Dozens of factors can impact the success of a retailer’s product line – pricing, marketing campaigns, trends and the local economy, to name just a few. But a recent study involving one retailer found that the biggest factor that impacted its sales was something it couldn’t control: the weather.
True story: With America still recovering from the 2009 recession, one of the country’s largest retailers teamed up with a leading data analytics company to investigate why sales in one division were not as high as it hoped.
They launched a thorough study that took into account internal information such as the products being sold, their prices and the extent to which the products were being advertised through various media. They also studied external factors, including economic indicators such as housing indexes, gas prices, competitive sets and consumer confidence.
But the study found that the No. 1 factor in predicting sales was the weather. The data showed that on spring days when temperatures were unusually warm, sales of new spring and summer clothes went up. However, on unusually cool spring days, featured spring and summer clothing did not sell well, as more customers were inclined to purchase winter clothing off the clearance racks.
So what does this study mean for retailers? Should they not even bother with innovative marketing strategies if the No. 1 factor affecting sales is something they can’t even control?
No. On the contrary, this story suggests that weather forecasts are another important tool that can give retailers the power to project sales with some certainty. There are services today that can make fairly accurate weather predictions six to 12 weeks ahead of time. Retailers can cater their product marketing and intensity based on those forecasts. Then if they are expecting a pleasant, warm spring, they know that advertising spring and summer clothing is a good investment. If unusually cool weather is predicted for a given week, the retailer knows it is a good time to promote a clearance sale on winter items.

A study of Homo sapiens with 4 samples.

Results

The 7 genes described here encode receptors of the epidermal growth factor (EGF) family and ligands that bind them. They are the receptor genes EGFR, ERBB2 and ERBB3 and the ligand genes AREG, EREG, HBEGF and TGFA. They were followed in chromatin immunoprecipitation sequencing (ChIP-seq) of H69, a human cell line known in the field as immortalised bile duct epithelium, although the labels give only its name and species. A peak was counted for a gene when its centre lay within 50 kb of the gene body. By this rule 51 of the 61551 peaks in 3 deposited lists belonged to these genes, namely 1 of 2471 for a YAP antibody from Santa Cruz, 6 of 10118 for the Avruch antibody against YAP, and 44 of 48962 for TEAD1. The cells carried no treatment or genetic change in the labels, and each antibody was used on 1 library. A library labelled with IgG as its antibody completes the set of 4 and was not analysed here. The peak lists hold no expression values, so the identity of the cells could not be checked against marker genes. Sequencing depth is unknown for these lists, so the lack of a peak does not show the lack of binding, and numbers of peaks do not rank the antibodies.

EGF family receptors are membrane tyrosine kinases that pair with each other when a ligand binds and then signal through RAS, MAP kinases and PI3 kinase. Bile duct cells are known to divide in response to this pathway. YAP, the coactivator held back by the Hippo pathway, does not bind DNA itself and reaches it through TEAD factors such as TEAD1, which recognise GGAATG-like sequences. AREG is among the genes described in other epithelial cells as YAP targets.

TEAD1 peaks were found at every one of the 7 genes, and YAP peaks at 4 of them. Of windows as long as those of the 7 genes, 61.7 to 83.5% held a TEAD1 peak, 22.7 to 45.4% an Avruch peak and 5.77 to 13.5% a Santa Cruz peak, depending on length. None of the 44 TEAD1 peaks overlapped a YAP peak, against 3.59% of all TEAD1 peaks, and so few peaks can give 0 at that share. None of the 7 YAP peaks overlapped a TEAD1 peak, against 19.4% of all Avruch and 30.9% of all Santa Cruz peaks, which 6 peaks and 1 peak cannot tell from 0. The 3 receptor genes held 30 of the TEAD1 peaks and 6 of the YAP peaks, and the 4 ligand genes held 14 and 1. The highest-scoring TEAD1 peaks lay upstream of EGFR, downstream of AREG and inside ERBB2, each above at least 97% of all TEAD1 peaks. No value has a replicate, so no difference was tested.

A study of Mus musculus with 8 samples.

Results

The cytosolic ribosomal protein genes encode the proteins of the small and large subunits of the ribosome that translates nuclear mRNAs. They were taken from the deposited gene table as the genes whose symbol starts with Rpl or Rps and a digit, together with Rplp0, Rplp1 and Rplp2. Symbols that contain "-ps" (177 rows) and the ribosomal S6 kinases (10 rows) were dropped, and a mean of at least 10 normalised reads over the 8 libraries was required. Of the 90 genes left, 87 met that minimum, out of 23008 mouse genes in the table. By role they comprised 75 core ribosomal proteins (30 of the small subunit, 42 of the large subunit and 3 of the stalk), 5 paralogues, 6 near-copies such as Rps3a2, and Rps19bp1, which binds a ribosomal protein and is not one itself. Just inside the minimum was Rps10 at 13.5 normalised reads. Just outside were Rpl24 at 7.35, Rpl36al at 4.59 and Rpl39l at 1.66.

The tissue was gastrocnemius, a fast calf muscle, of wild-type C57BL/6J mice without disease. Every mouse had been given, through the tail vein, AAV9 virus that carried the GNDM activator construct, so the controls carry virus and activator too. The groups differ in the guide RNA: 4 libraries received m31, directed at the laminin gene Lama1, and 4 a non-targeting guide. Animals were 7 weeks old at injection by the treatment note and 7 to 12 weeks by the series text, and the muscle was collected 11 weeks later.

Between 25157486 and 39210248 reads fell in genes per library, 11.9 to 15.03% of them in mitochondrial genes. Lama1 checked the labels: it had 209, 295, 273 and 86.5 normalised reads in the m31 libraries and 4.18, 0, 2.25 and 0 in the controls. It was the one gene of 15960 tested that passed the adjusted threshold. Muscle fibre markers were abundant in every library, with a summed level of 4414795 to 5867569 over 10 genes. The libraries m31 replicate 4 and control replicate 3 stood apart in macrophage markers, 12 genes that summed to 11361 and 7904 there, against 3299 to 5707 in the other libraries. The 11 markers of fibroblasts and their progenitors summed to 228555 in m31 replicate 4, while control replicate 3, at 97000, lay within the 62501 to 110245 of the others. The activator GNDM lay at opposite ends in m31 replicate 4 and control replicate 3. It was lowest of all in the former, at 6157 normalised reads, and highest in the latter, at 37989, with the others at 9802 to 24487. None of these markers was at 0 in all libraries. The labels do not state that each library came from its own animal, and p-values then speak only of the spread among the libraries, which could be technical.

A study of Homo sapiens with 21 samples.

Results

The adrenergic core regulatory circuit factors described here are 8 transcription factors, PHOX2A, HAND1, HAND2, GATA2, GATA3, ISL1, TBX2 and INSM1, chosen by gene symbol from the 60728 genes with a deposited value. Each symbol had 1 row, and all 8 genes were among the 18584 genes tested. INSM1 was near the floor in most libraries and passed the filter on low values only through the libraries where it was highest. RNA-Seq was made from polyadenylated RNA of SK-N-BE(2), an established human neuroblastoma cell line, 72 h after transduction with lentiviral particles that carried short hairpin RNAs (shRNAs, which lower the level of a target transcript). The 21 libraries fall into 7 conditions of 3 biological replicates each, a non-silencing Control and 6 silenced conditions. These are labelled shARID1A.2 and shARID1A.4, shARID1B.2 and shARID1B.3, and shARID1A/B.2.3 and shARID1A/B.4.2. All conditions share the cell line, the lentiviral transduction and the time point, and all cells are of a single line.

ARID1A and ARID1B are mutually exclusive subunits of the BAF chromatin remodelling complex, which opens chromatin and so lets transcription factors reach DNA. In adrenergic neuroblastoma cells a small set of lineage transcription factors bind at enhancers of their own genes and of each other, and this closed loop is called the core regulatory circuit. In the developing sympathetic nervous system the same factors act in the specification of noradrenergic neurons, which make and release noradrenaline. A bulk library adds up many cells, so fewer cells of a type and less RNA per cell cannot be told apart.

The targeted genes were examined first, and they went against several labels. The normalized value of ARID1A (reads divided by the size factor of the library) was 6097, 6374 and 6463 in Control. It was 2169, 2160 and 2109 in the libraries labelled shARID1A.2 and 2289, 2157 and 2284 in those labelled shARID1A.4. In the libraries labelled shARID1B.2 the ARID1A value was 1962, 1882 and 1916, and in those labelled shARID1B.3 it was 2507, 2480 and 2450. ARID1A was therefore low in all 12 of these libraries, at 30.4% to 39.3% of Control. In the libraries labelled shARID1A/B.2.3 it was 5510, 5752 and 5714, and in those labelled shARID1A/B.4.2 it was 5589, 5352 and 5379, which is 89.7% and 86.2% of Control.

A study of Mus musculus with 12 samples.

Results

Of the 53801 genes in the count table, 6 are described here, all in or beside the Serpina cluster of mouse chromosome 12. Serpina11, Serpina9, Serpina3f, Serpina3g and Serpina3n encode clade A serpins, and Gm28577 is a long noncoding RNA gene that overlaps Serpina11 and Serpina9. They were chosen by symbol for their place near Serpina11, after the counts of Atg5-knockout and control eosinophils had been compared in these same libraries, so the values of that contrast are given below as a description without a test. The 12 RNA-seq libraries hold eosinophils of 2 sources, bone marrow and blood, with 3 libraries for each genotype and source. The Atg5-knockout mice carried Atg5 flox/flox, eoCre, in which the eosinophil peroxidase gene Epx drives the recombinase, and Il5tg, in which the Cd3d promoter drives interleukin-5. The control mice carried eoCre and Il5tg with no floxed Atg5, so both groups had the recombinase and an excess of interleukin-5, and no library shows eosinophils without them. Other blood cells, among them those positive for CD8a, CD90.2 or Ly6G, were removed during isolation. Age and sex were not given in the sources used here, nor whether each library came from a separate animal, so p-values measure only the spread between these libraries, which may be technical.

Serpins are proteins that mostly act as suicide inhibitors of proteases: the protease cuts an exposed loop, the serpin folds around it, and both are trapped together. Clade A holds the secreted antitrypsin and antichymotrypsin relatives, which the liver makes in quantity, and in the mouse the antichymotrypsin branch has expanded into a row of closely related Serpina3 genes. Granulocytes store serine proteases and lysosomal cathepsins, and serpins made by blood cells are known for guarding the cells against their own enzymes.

For retailers in some areas, planning sales around weather is already a way of life. Anyone who is familiar with the outlet malls along the beaches in the Florida Panhandle has probably observed that the busiest days occur when it’s raining (because no one wants to go to the beach on those days.) Meanwhile, people who work in most other outlet centers that are primarily outdoors, such as the ones outside Atlanta, usually pray there won’t be rain, as that can make it more inconvenient for their customers to get out and about.
Retailers have long known that weather significantly impacts their business, but would you have guessed it was the most important factor? The news was very helpful, as the retailer now has another piece of information to guide how and when it launches sales. Insights like this can have a big impact on a company’s bottom line, and it’s another example of why working with a data analytics company can take the guesswork out of marketing.